Stakeholders blast ZWMB over failure to alleviate poverty; bank insists it’s making a difference


STAKEHOLDERS have criticised the Zimbabwe Women Microfinance Bank (ZWMB) for failing to alleviate the plight of the country’s impoverished women by continuing to operate like any a profit chasing entity.

Founded in 2018, ZWMB is a deposit-taking microfinance institution in Zimbabwe which serves marginalised community members who cannot easily access conventional commercial banks, particularly rural women.

With an asset value of US$10 million as at the day of opening its doors to the public, the bank’s mission is to empower all women economically and socially by offering tailor made products.

But women from diverse socio-economic backgrounds who converged in Harare at an Economic Justice for Women Project (EJWP) organised event recently concurred that the situation facing women remains dire, underscoring that ZWMB has to date failed the litmus test to turn around women’s fortunes.

MDC legislator for Matebeleland North, Sibusisiwe Buddha, who is also the deputy chair of the Zimbabwe Women Parliamentary Caucus, criticised the bank over its failure to appreciate financial problems affecting women.

“The Women’s Bank is assisting the already financially capable people,” said Buddha.

“The women of means, those who are wealthy already are the ones getting assistance from this institution. They will never extend a loan to you if you do not have valuable collateral.

“At the end of the day, ZWMB is just feasting on the gender dividend of women, yet in actual fact operating the same way other profit seeking banks are doing.”

She added, “We therefore plead with authorities to create a bank which really cares for women.

“This is not a bank for the common woman. The rural woman. The oppressed woman desires to see change in her life.”

Another vendor at the event, Yeukai Kazingizi from Chitungwiza, said approaching ZWMB is a waste of time because of existing bottlenecks.

“Several women I work with cannot afford the interest charged on these loans,” said Kazingizi.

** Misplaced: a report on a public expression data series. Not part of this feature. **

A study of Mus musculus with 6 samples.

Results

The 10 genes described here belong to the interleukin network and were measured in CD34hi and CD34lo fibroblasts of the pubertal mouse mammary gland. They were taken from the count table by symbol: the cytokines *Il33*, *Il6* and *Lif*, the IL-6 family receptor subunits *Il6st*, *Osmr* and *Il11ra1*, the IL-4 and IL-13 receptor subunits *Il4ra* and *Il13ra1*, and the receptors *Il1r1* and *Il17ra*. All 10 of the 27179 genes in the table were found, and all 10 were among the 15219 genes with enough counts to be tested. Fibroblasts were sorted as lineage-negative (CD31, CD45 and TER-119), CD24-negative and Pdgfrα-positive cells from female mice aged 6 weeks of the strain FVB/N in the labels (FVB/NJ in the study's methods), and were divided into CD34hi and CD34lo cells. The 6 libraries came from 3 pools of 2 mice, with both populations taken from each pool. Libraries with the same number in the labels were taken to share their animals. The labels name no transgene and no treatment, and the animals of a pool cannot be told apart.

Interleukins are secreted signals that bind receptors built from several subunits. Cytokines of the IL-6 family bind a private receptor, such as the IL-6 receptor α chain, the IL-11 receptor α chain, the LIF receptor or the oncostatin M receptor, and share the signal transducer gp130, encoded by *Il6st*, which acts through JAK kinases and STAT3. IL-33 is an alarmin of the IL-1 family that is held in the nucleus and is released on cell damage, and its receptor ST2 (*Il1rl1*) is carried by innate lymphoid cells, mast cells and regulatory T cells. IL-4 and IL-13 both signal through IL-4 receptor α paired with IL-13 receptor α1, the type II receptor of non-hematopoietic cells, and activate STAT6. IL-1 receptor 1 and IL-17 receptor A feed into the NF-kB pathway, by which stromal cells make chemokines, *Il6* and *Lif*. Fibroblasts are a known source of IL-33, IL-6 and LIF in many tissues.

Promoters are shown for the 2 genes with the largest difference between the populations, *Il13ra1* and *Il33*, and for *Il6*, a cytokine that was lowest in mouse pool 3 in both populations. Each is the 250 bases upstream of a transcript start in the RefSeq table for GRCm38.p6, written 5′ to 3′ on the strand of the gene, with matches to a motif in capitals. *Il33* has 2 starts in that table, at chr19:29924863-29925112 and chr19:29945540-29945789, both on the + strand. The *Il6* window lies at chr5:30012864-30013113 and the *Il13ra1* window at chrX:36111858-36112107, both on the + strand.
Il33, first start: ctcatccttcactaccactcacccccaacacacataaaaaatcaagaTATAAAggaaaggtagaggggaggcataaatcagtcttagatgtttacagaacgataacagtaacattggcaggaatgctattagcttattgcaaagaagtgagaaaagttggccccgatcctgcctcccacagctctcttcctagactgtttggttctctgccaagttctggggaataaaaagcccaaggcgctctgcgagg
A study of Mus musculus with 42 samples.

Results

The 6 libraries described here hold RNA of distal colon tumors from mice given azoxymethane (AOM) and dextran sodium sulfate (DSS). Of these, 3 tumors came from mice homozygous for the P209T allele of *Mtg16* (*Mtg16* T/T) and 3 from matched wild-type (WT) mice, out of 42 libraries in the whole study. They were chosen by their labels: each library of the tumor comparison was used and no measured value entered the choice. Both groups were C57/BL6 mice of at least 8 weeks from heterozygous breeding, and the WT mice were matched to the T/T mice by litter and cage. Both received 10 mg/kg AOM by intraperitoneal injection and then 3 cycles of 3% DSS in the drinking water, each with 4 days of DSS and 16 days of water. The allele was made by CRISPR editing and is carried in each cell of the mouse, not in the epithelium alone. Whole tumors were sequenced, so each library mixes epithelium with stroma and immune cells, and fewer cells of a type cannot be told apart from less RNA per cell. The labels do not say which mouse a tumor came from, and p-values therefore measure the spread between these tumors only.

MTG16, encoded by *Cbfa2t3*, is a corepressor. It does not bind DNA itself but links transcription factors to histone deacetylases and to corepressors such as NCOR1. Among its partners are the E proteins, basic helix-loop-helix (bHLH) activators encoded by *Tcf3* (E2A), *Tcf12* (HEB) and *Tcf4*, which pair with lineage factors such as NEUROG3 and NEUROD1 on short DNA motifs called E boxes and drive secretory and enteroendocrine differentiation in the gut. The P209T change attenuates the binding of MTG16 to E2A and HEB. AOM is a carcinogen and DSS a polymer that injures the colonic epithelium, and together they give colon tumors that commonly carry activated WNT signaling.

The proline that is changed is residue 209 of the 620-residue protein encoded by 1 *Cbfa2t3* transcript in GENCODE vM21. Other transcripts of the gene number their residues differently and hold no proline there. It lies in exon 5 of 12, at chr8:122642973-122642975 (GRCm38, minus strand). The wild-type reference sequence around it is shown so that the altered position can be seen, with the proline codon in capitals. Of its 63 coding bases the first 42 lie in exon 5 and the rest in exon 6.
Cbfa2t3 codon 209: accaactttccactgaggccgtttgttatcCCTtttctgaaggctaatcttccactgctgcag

“We realised that getting assistance from the bank can expose us to losses because the Return On Investments is much lower than the charged interests.

“The other challenge is that the bank often approaches us in our work spaces and encourages us to open accounts with them but in turn a few get the loans and at the end of the day we suspect that such campaigns are mere fundraising gimmicks.”

Doctor Mandas Marikanda

Contacted for comment over the issues, ZWMB chief executive officer, Doctor Mandas Marikanda dismissed the allegations, insisting that the bank has traceable references of loans extended towards several women on the basis of collateral not widely acceptable across the banking sector.

“We have several projects which we have supported to date with funds being extended for collateral that would not be ordinarily acceptable by other financiers,” said Marikananda.

“At times we resort to using the equipment bought for some women’s group’s as collateral as well as livestock. Such allegations are being peddled by people who have no knowledge on how we operate,” she said.

She said over the years, politicians have mistaken the ZWMB as a vehicle upon which populistic campaign movements can ride on, forgetting that the bank is in business.

However, Marikanda effectively admitted that the bank is struggling to support women after revealing that to date only 150,000 clients transact with the bank.

Almost 114,000 have received loans through ZWMB out of which about 90,000 of the beneficiaries are women.

This is despite the fact that the population of women stands at 7,9 million reeling under the hardships of extreme poverty in the country.